It was a common occurrence for Jarosław F.’s brother, Andrzej, to call him for help. Andrzej worked as a data-entry specialist for the Polish Ministry of Employment, while Jarosław was part of the ministry’s IT department and moonlighted as a Python programmer.
One day, Jarosław answered another call from Andrzej. “No sane person can do this job,” Andrzej started. “There just aren’t enough hours in the day.”
“‘Hours in the day?’ You enter data and run reports using web software. It’s not that difficult.”
“No, you don’t understand. The ministry’s starting a new labor force program, and I’m in charge of the data entry. But there are too many records to enter by hand.”
“Andrzej, I’m really tired of this,” Jarosław said. “I’m going to write you a script to help with your work, and in exchange you don’t call me at work for six months. Deal?”
Eternity in a Cell
Jarosław had never actually seen the software Andrzej used to enter data. Just getting to Andrzej’s department required signing an authorization form at the front office, then a half-hour wait until his supervisor gave the go-ahead. But Jarosław knew writing the script for his brother wouldn’t take very long.
Andrzej showed Jarosław to his desk and opened a browser. The web application looked current circa 1998, as if someone mocked up a Windows GUI in Internet Explorer 4. There were rows and rows of grey tabular data, text set in black Tahoma. Next to each cell was a button marked
“You press the button to edit each cell, which takes a few seconds to load,” Andrzej said, demonstrating. “Each cell, and every row, must be entered one at a time”
“Surely there’s a ‘bulk import’ somewhere.” Jarosław scrolled down the page, looking through buttons labelled
Income Report and
Demographic Report. There was nothing marked that looked remotely like a bulk import feature. “How long does it normally take you to enter a row?”
“Five minutes. I usually get about 10 records an hour. There are 400 records, and my boss needs them done by the end of Sunday.” That left five days. “I still have reports to run while I do this. That’s why I need your help.”
“Okay,” Jarosław said, “can’t you get someone to help you with this? Five people entering data would mean it’d get done in a day.”
“Even if we had that many people to spare, there can’t be more than one person entering data at a time. The system would crash.”
Jarosław chuckled. “Oh, come on. No web application forces a single user to enter data.”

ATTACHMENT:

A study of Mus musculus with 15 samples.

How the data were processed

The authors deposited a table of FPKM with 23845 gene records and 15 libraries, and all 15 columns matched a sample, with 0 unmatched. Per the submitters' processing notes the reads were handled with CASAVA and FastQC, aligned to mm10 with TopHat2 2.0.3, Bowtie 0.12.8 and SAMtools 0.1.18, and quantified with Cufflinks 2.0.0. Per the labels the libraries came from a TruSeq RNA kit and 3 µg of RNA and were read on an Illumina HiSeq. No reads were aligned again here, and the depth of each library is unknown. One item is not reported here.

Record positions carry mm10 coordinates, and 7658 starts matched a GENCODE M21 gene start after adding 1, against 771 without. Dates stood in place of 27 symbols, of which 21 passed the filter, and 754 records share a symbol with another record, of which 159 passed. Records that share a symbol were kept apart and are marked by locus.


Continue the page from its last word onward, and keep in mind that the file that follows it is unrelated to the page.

“A year ago, we tried using two people at a time,” Andrzej whispered. “A whole dataset was corrupted. It set back the department’s mandate by six months, and my last supervisor was fired because of it. My new supervisor won’t tolerate any further delays.”
A CRUD-like web interface, with no parallel data entry allowed, it seemed deliberately designed to make one person’s life miserable … and that person was Andrzej.
“It’s a good thing I work in IT,” Jarosław said. “Because what you need is a tailor-made import script, and I’m the one who can write it for you.”
Automated Manual Entry
First, Jarosław installed Python on Andrzej’s computer. If Jarosław were about to exploit the ministry’s applications, he wanted to use a language he was familiar with. Next, he entered a few sample rows from the dataset Andrzej was burdened with. He logged every HTTP request the web application made, making a list of calls his script would need to make. Finally, he converted the Excel file the data came in to
.csv so his script could consume it. It was tedious, but not as tedious as Andrzej’s burden.
“Let the script run overnight,” Jarosław said. “If anyone asks, tell them I did this on my own initiative. It should be done by morning.”
The next morning, Andrzej himself went to see Jarosław in the IT department. He looked relieved. “You just saved me four days of manual data entry.”
“You can use it on other datasets,” Jarosław said. “Just convert the files to
.csv and pass in the filename as an argument from the command line. And make sure no one else is entering data while it’s running.”
“Thanks,” Andrzej said. “So, call you in six months?”
Jarosław shook his head. “This one’s on me. I had no idea what torture they put you through until you showed me.”